The Moment I Realized I Was Falling Into A Facebook-Induced Depression

by Meg Dowell

I remember the exact moment I knew Facebook was making me depressed.

It was 3 am. It had taken me at least an hour to fall asleep not even three hours before. I was stressed and had been feeling sad lately, though I couldn't really say why. The first thing I did when I woke up, when it was still dark out and this whole side of the globe was still sleeping, was check my phone.

I checked Facebook, to be exact. The first thing I saw was a post from someone I hadn't spoken to in over a year. She complained about something that had happened to her that was supposedly someone else's fault. Her language was derogatory in a way that makes you clench your fists and grind your teeth. I was embarrassed for her because she was being so unprofessional and childish.

But, I kept scrolling. Yes, I kept scrolling at 3 in the morning.

Next, I saw an article from some news outlet talking about a little boy and the alligator that had swept him off a beach on his Disney vacation. I went straight to the comments.

It was the parents' fault. Everyone knows there are alligators in Florida. Tragedy. Prayers for the family. *Spam comment about free HD movies.*

I remember thinking, "Why is there so much hate? Where is it all coming from? And what right do strangers have to comment on the life of someone they have never even met?"

I knew throughout that day I would also see articles about Kylie Jenner doing this or Demi Lovato posting that. There were articles that promoted fad diets I didn't approve of. All these things made me so frustrated and upset about the state of internet madness that I almost felt... hopeless.

It wasn't because of anything going on in my life or the lives of the people I loved and cared about. It was because of the toxicity of social media. It's a virtual world in which I don't personally know anyone, yet stand on the sidelines and watch them argue about the fastest way to lose weight or how they're better parents than so-and-so.

I wanted so much to be able to change the way things were. But no matter how hard I tried, I never could.

It was in that moment I knew the only thing to do to change how I had been feeling was to change my behavior.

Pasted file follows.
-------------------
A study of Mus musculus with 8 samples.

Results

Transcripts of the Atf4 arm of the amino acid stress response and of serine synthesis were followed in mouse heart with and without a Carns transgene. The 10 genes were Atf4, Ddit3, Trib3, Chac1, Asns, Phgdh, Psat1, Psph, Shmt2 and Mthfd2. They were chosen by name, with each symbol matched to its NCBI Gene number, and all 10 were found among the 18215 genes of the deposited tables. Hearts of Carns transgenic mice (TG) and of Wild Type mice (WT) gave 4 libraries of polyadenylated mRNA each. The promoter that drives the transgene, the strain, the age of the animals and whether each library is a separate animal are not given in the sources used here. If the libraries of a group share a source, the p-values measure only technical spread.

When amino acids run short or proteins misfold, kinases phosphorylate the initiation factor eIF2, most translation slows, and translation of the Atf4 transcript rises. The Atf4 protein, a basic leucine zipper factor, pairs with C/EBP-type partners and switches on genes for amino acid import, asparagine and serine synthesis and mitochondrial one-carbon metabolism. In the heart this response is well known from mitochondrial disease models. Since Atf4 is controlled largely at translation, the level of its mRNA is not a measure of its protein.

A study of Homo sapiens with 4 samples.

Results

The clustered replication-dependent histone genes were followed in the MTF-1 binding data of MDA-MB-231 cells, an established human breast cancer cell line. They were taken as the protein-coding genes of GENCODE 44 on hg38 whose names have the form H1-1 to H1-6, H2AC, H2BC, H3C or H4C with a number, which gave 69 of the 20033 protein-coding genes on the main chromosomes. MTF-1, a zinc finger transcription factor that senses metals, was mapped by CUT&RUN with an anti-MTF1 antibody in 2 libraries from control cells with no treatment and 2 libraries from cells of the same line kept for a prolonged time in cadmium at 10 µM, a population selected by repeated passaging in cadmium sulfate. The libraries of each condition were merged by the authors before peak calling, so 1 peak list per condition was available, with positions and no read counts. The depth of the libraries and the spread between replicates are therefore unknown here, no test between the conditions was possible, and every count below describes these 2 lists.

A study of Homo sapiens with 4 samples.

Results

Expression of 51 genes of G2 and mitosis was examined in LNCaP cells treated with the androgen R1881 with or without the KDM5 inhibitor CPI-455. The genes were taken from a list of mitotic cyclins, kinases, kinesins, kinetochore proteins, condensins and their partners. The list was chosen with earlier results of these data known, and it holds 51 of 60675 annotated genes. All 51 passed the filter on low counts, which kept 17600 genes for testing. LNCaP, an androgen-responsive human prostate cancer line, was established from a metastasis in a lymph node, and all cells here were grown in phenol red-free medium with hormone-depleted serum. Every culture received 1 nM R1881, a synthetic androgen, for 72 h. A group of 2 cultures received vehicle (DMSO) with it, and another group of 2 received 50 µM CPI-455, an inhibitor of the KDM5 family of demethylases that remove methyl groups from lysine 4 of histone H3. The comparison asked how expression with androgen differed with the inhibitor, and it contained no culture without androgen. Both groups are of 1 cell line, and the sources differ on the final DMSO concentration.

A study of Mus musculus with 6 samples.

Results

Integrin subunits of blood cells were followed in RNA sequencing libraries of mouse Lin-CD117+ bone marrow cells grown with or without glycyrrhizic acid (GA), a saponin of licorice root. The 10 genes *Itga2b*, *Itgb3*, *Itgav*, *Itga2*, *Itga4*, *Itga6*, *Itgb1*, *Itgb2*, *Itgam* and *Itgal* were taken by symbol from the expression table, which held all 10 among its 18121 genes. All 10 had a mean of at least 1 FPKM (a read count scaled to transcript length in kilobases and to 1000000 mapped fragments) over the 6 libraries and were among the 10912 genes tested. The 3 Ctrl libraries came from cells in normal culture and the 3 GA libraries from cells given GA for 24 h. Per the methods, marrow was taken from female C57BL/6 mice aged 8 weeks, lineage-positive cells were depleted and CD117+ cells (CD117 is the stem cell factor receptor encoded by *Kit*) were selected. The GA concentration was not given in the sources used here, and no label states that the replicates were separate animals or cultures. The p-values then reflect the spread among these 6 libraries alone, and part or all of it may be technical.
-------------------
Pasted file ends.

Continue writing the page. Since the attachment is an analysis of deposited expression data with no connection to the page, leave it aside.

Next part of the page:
Realizing no one else using the internet to spread misery and hate was going to stop what they were doing, I deleted the Facebook app off my phone. I started unfollowing pages that posted gossip and misleading information and news stories that, deep down, were really only there for people to smear their opinions onto.

I stopped trying to be a clickbait defense agent. I stopped letting "curiosity" about people's opinions be my excuse for diving into the comments I never should have been reading.

Over the past few weeks, I have managed to stop listening to what other people have to say about current events altogether. There's curiosity, and then there's compulsion. I knew it had to stop. So, I made it stop. Well, I made it stop for me, at least.

I know this negativity and the never-ending need for people to plaster their uninformed opinions all over the internet would not go away. In fact, I'm not sure it ever will.

We can't let it keep bringing us down, though. We just need to walk away from it. Find better online communities that are filled with people who want to discuss and learn, instead of criticize and tear other people down.

Reading comments on social media — sometimes even firing back with your own unsolicited opinions — doesn't change the fact people are going to be ignorant and rude. Following former friends who feel the need to share their misery with everyone else in the world will not make you any better of a person.

Ignoring toxic social commentary and unfollowing people and pages that only seek to destroy your happiness, however, will.

I don't think the answer is to quit social media completely. I use Facebook and Twitter now primarily for personal branding and keeping up with friends from college who have since dispersed all over the world. Sometimes, I wonder if that's really all we need it for.

I can get my news somewhere — anywhere — else. And clicking on the occasional LOL-worthy listicle doesn't hurt, as long as I steer clear of the comments.